What is Full Coverage Auto Insurance?
Have you heard the phrase "Full Coverage" insurance? It's a pretty common term used quite often in the car insurance industry. But have you ever stopped to think about what Full Coverage really means?
Clearly, full coverage means you're covered against everything and anything, right? It's the top-of-the-line, best possible insurance you can have… or is it?
Let's take a look at everything you need to know about Full Coverage Auto Insurance:
Full Coverage Insurance Defined
Okay, are you ready for this? I'm going to blow your mind here. Full Coverage, by definition, is…. not a real thing. No, really.
There is no one single type of Full Coverage Auto Insurance. If you went to 10 different insurance companies and asked for Full Coverage Auto Insurance, you'd get 10 different policies.
This doesn't mean you can't use the term Full Coverage or that professional insurance agents are giggling behind your back when you do. Rather, just be aware that Full Coverage Auto Insurance is really more of a general, umbrella term.
Let's Take a Deeper Look…
There are two main categories of car insurance:
This is the State Minimum, the absolute lowest amount of coverage you need in order to be legal on the roads. Liability coverage is for any damage you cause to others when you're behind the wheel. This doesn't cover any damage to yourself or your vehicle.
In almost every state, you'll need some amount of liability insurance. Experts recommend carrying $50,000/$100,000/$50,000, although some states will have different minimums.
When people talk about Full Coverage what they often mean is simply "insurance policies including liability as well as additional policies." In many states, you only need liability coverage. So most Full Coverage policies are optional, at least legally.
Full Coverage can be broken down into two types of insurance policies:
This is any collision involving your vehicle. Your car could be hit by another car in an intersection. Your car could hit a patch of ice, slide off the road and hit a tree. Those are both examples of a collision covered under a Collision Policy.
This is coverage for basically anything else which might happen to your car. Examples include hail damage, theft and animal damage. If your car is damaged in a "not-collision" this is the policy you'll turn to.
The Sister Policies of Comprehensive and Collision
These two policies can be purchased separately, but people often buy them bundled together. When you throw Liability Coverage into the mix, you get the top three car insurance products most commonly used. This is another popular definition of "Full Coverage."
Both Comprehension and Collision coverage only kick in after you pay your deductible. Deductibles and premiums are always carefully balanced. Higher deductibles mean you'll have to spend more before your policy coverage begins. Lower deductibles make filing a claim easier on the wallet, but your monthly premiums will be higher.
Does Full Coverage Include Everything?
As you can see, Full Coverage is used to mean a lot of different types and bundles of policies. But it's rarely used to refer to a package which includes the absolute best, top-of-the-line bundle of all insurance products.
Here's a list of popular, useful policies which cover more specific situations. Note that Collision and Comprehensive policies do not usually provide the following types of coverage:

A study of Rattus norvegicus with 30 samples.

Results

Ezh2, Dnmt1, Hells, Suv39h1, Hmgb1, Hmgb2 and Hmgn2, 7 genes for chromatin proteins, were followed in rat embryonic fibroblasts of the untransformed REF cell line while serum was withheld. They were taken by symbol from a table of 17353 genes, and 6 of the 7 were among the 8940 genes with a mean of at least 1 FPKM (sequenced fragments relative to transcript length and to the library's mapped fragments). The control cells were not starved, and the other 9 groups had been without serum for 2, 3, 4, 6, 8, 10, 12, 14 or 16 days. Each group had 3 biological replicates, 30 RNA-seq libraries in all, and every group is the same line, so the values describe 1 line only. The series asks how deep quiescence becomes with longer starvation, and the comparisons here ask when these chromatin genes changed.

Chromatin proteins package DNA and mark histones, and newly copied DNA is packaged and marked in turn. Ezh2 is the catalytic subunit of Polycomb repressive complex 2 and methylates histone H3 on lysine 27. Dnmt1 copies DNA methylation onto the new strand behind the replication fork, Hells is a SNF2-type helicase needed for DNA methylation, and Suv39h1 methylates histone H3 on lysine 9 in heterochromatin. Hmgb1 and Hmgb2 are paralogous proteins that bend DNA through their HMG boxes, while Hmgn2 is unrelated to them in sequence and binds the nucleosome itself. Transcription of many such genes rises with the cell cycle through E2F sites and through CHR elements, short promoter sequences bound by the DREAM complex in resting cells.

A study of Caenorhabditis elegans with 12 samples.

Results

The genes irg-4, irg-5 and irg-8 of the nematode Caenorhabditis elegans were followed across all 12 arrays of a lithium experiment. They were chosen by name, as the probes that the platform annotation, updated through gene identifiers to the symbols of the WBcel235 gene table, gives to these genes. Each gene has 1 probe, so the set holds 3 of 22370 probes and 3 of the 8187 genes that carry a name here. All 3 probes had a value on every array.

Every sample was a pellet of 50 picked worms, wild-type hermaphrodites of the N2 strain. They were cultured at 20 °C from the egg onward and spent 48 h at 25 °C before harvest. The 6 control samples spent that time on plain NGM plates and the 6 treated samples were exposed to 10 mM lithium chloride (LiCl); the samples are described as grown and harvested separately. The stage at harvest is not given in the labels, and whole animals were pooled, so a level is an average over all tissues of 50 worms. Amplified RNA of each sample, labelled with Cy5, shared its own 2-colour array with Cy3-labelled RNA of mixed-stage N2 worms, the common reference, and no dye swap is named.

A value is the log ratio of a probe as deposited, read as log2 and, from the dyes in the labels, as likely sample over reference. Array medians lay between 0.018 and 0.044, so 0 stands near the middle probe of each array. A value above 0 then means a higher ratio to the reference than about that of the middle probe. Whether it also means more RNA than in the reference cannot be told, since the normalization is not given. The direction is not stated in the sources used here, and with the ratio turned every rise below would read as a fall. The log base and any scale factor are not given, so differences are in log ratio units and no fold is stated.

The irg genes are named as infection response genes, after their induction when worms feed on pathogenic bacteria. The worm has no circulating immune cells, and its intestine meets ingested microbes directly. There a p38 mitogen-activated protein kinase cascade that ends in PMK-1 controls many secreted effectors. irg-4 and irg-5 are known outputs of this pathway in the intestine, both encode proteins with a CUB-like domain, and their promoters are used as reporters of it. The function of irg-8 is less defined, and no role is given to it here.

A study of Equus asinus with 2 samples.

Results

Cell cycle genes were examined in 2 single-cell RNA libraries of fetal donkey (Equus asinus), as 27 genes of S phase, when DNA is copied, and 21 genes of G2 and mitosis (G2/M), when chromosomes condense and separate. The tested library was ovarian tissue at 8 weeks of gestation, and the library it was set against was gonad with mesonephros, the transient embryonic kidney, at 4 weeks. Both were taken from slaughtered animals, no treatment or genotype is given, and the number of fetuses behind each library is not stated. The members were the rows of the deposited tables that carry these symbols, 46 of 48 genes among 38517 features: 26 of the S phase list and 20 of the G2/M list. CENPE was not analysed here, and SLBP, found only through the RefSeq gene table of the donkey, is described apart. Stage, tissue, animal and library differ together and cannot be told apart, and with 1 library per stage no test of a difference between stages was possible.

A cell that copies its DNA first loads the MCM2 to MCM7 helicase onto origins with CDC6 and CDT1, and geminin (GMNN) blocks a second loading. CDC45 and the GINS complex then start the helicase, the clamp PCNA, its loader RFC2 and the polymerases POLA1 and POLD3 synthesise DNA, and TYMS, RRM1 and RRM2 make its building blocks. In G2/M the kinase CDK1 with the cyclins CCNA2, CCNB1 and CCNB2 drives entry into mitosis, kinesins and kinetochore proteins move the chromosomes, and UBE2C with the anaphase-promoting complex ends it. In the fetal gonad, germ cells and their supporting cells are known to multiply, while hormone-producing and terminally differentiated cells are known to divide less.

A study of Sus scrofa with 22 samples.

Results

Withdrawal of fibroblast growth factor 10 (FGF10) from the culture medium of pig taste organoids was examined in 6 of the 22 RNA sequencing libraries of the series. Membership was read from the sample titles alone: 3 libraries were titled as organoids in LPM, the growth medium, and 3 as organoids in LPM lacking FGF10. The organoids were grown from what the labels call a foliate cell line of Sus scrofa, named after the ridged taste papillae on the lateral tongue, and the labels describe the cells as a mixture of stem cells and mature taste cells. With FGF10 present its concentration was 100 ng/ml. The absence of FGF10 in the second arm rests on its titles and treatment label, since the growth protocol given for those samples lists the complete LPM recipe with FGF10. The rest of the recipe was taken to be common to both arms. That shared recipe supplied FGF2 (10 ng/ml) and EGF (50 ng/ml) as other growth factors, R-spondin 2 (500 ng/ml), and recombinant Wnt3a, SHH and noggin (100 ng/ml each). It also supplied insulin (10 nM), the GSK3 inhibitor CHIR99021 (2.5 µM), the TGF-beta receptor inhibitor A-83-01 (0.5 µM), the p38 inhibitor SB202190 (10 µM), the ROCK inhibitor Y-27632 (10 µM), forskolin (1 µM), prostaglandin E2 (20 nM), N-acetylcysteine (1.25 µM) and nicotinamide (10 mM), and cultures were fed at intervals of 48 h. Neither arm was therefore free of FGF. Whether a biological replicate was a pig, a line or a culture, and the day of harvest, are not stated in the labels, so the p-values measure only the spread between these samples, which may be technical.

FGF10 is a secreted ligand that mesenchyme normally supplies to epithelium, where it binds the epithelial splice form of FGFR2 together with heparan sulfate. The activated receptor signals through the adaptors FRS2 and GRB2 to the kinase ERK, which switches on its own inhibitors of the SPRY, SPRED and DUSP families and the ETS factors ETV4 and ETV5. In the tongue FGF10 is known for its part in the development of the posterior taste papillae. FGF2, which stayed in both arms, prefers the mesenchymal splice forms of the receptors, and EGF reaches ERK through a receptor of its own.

Personal Injury Protection
PIP provides medical coverage for injuries sustained in a car accident. Aside from medical and surgical techniques, you can also get long-term care and even recovery for lost wages.
Uninsured Motorist Coverage
Even though liability insurance is the law pretty much everywhere, there are still a lot of uninsured drivers out there. Unfortunately, even if you're following the law to the letter, uninsured motorists can still cause you a lot of problems.
If you're in an accident with someone who isn't insured, you don't have a lot of options. You can take the person to court, and you might even win. But collecting the money is a different matter. Not many secret millionaires decide to just not buy some type of car insurance.
Uninsured Motorist Coverage is a way to protect yourself. This type of coverage usually also covers hit and run damage and some types of theft.
The reason Uninsured Motorist Coverage isn't normally bundled in with Full Coverage is that sometimes it's not really useful, but in other situations it's essential.
You'll want to determine a rough idea of the percentage of uninsured drivers in your general area. This can be especially important if you park on the street or in a public area.
Additional insurance extras you can bundle into a policy include:
Custom Part Replacement
Rental Car Service
Roadside Assistance Services
How to Determine Coverage Rates
No matter if you're going to only carry liability or if you want every insurance product possible, your premium rates will depend on:
Your Driving Record
You're record is usually considered clean if you've gone over five years without a ticket.
Younger students can often get a Good Student discount if they keep up their grades.
Work from home or close to home? Insurance companies often give Mileage Discounts to those who don't drive too many miles a week.
The Best Way to Search for Car Insurance
Full Coverage usually just means Collision, Comprehensive and Liability. In some states, Personal Injury Protection might also be required. While this is a fine bundle of policies for many people, it's also not the only way you can insure your car.
Chimp Quote is an easy way to search through top insurers in seconds and find the specific policies you need to both stay safe on the road as well as comply with the laws in your state. At the end of the day, only you know what Full Coverage means for your insurance needs.